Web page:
Even an adult wildebeest wouldn’t go very far between four lionesses, two big male lions and 13 cubs.
One unlucky individual got encircled in a Tamboti thicket recently, and ended up in the belly of 19 lions.
Tracks told of the movements of the Ntsevu pride in company with two of the Birmingham males, but at one point the trail got less clear as the tracks split up, with one set going one way and others taking different directions. In the same area there were tracks of a herd of wildebeest fleeing towards the Maxabene riverbed – probably their only option as if given a choice they would have tried for their lives to stay on the open where they could use their blinding speed to escape.
While trying to work out exactly what the pride had been doing – although splitting to encircle the herd was by far the most likely scenario – the trackers heard the unmistakeable sound of lions scrapping in a thicket line only a couple of hundred metres away, and knew for sure that a kill had been made.
Entering a dense copse of Tamboti trees, rangers encountered a seething mass of lions; 19 all told.
A few ribs remained of the wildebeest kill they had made, and it was all too clear what had happened, probably only an hour or so before. One or two lionesses must have circled up ahead, with the other females then chasing the herd towards the waiting lions. Fleeing into the dense riparian vegetation near the riverbed, the wildebeests’ maneuverability would have beens severely compromised, and it would have been a far simpler prospect for the lions to corner one.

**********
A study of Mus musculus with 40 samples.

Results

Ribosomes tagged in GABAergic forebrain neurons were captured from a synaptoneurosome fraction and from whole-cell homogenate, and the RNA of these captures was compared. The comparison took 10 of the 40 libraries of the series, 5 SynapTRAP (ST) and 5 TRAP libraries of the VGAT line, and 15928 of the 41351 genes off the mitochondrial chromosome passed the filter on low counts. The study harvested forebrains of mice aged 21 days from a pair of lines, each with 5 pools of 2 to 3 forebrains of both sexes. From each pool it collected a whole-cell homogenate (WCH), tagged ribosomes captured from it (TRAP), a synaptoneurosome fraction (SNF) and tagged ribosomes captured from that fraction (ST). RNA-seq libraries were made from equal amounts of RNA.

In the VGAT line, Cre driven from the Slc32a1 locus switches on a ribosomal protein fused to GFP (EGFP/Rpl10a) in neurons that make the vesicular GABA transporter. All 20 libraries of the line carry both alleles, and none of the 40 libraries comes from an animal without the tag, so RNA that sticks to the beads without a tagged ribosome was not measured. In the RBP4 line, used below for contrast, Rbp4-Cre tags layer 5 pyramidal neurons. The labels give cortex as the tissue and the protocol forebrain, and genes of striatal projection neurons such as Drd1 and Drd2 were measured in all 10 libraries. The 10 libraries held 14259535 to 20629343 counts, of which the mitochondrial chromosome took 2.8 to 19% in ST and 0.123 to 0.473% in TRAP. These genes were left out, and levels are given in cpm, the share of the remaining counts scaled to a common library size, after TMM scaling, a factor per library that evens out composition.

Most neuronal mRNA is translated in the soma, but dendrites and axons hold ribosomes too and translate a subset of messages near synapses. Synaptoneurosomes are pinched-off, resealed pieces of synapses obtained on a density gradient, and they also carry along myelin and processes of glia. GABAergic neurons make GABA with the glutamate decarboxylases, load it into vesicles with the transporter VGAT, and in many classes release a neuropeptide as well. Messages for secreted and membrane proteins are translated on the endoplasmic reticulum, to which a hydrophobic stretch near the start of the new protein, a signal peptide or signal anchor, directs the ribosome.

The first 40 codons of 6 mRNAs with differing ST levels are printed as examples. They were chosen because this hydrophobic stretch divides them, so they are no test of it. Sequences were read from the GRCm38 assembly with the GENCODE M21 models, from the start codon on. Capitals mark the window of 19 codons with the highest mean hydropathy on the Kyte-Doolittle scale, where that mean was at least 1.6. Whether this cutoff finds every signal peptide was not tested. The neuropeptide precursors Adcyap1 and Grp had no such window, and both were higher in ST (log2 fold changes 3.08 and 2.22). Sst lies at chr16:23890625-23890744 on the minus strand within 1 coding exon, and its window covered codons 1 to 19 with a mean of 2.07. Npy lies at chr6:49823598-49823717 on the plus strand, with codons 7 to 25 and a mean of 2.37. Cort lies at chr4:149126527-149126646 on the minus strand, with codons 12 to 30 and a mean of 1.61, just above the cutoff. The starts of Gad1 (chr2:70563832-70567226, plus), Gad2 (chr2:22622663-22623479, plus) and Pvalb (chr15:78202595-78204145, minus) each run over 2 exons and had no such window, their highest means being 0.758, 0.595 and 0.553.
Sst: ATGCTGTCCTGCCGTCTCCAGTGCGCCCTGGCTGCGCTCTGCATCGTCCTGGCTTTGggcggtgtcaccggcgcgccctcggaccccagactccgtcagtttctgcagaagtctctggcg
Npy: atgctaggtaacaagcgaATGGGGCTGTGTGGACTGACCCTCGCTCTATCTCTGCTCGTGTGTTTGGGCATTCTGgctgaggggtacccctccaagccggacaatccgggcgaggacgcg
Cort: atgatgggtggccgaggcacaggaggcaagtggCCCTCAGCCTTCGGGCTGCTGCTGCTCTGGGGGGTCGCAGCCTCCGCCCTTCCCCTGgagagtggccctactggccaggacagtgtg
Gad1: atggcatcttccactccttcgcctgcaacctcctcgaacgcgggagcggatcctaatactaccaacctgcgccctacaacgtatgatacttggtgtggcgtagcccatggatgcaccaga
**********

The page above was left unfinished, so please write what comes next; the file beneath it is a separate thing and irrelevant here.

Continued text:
Ranger Grant Rodewijk was at the other end of the property when the lions were found in the morning, so decided to head there that afternoon, when there might be some scrapping over the last bit of meat left on the kill and when the lions were most likely to emerge from the thicket to drink.
For 2 1/2 hours Grant and his guests enjoyed a wonderful – although slightly obscured – view of the lions on the kill, with the diminutive size of the cubs emphasised by one of the Birmingham males feeding amongst them. Towards the end of the sighting some of the pride came out of the thicket to drink at a pan; lions will often head to water just after feeding.
We mentioned in a recent post that the Ntsevu pride will most likely be spending more and more time moving operating further west than their winter hunting grounds along the Sand River, as the rain and good grazing across the whole reserve has meant that the prey species are no longer concentrated along the Sand River.
This wildebeest will likely – we hope – prove to be one of many hunting successes they experience over the rest of the summer. With cloudy nights and windy conditions having been the norm for the past 10 days or so, their usual less-than-20%-chance of catching something has soared. The darker the night, the better for lions on the hunt.